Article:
Fallout 4 and the seduction of the open world

How urgent is your main quest when you spend all your time meandering along the way?

Okay, so I’ve been playing tons of Fallout 4 lately, and it has the same problem that Fallout 3, Fallout: New Vegas, and Skyrim had, which is to say it has several problems. Some truly astonishing bugs made it live. I encountered a bug that prevented my character from getting out of a pod at level 1, for instance, and the only way around it was to restart my console. There’s a glitch that makes corpses twitch and dance around, which is astonishingly disturbing. There are more, of course. It’s almost part of the charm of a Bethesda game, really. Hey, a deathclaw corpse is following me around? That’s awesome!

But one problem comes from the fact that Fallout 4 tries to have a directed narrative. It’s not a bad directed narrative, mind you. It manages to surprise you at certain points, it provides real consequences to your decisions. That’s not the issue. The issue is this: the game is set up as an open world, and that means that the initial narrative thrust of the game (go find your kidnapped son) is quickly swallowed up in side quests and exploration, leaving you with one of two options.


Option 2, to put off the pursuit and explore, seems wrong. It’s almost impossible to justify standing around messing about with the settlements and crafting when a freaking baby was kidnapped. What kind of monster would you have to be to waste time freeing ghoul kids from refrigerators when your own baby is missing? Yeah, I’m sorry that the super mutants kidnapped that actor but first off, it’s after the apocalypse, maybe I have other things on my mind and secondly my baby damn it.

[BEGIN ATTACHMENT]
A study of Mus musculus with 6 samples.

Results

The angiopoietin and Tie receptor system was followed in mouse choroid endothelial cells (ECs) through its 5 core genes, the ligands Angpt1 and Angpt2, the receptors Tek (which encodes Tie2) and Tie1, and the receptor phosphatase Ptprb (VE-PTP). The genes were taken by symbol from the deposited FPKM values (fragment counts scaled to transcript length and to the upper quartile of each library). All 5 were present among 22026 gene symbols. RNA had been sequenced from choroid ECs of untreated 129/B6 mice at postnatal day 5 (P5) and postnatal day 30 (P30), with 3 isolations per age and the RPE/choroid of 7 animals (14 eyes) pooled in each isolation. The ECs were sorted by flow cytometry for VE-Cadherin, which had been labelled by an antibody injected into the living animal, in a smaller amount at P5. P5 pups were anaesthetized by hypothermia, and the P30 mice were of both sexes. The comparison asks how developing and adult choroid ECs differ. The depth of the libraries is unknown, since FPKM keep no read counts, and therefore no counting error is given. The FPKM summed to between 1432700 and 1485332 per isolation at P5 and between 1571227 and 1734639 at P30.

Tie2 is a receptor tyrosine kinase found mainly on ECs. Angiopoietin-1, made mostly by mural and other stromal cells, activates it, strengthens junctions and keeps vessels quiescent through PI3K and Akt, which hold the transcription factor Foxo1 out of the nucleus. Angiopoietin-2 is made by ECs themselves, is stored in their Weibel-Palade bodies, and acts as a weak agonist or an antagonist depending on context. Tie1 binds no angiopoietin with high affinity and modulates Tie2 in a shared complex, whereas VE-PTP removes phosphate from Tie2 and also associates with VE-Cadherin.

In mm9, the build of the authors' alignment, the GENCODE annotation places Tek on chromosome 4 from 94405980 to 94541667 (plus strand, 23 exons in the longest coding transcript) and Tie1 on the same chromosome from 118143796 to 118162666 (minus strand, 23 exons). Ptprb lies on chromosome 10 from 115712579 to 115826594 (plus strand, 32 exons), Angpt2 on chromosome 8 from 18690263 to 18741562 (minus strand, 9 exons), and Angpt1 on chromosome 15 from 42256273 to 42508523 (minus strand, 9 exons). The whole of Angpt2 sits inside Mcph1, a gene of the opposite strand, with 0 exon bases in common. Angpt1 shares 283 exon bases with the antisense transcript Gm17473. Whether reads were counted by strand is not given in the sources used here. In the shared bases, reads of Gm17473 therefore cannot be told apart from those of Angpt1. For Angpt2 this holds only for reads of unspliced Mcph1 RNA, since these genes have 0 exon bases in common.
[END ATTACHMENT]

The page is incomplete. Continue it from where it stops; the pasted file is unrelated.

That isn’t to say that I don’t enjoy Fallout 4. I do, very much. In many ways I think it’s the best game Bethesda has ever made. It’s even better than Skyrim, a game I absolutely loved at the time I was playing it, but I do notice that strange disconnect between what I’m supposed to be doing (finding my kidnapped son) and what I’m actually doing (every other thing under the sun). When I compare it to Dragon Age 2 (my gold standard for plots on rails, where you absolutely will eventually end up at the station no matter what you do) I generally have enjoyed my time in the Commonwealth a great deal more, but I never felt conflicted about the story in DA2 — I absolutely never felt like I was a truant putting off my responsibilities the way I can here.


Eventually.

Right now I’m building up a truck stop to serve as a home base, though. I’ll get around to it.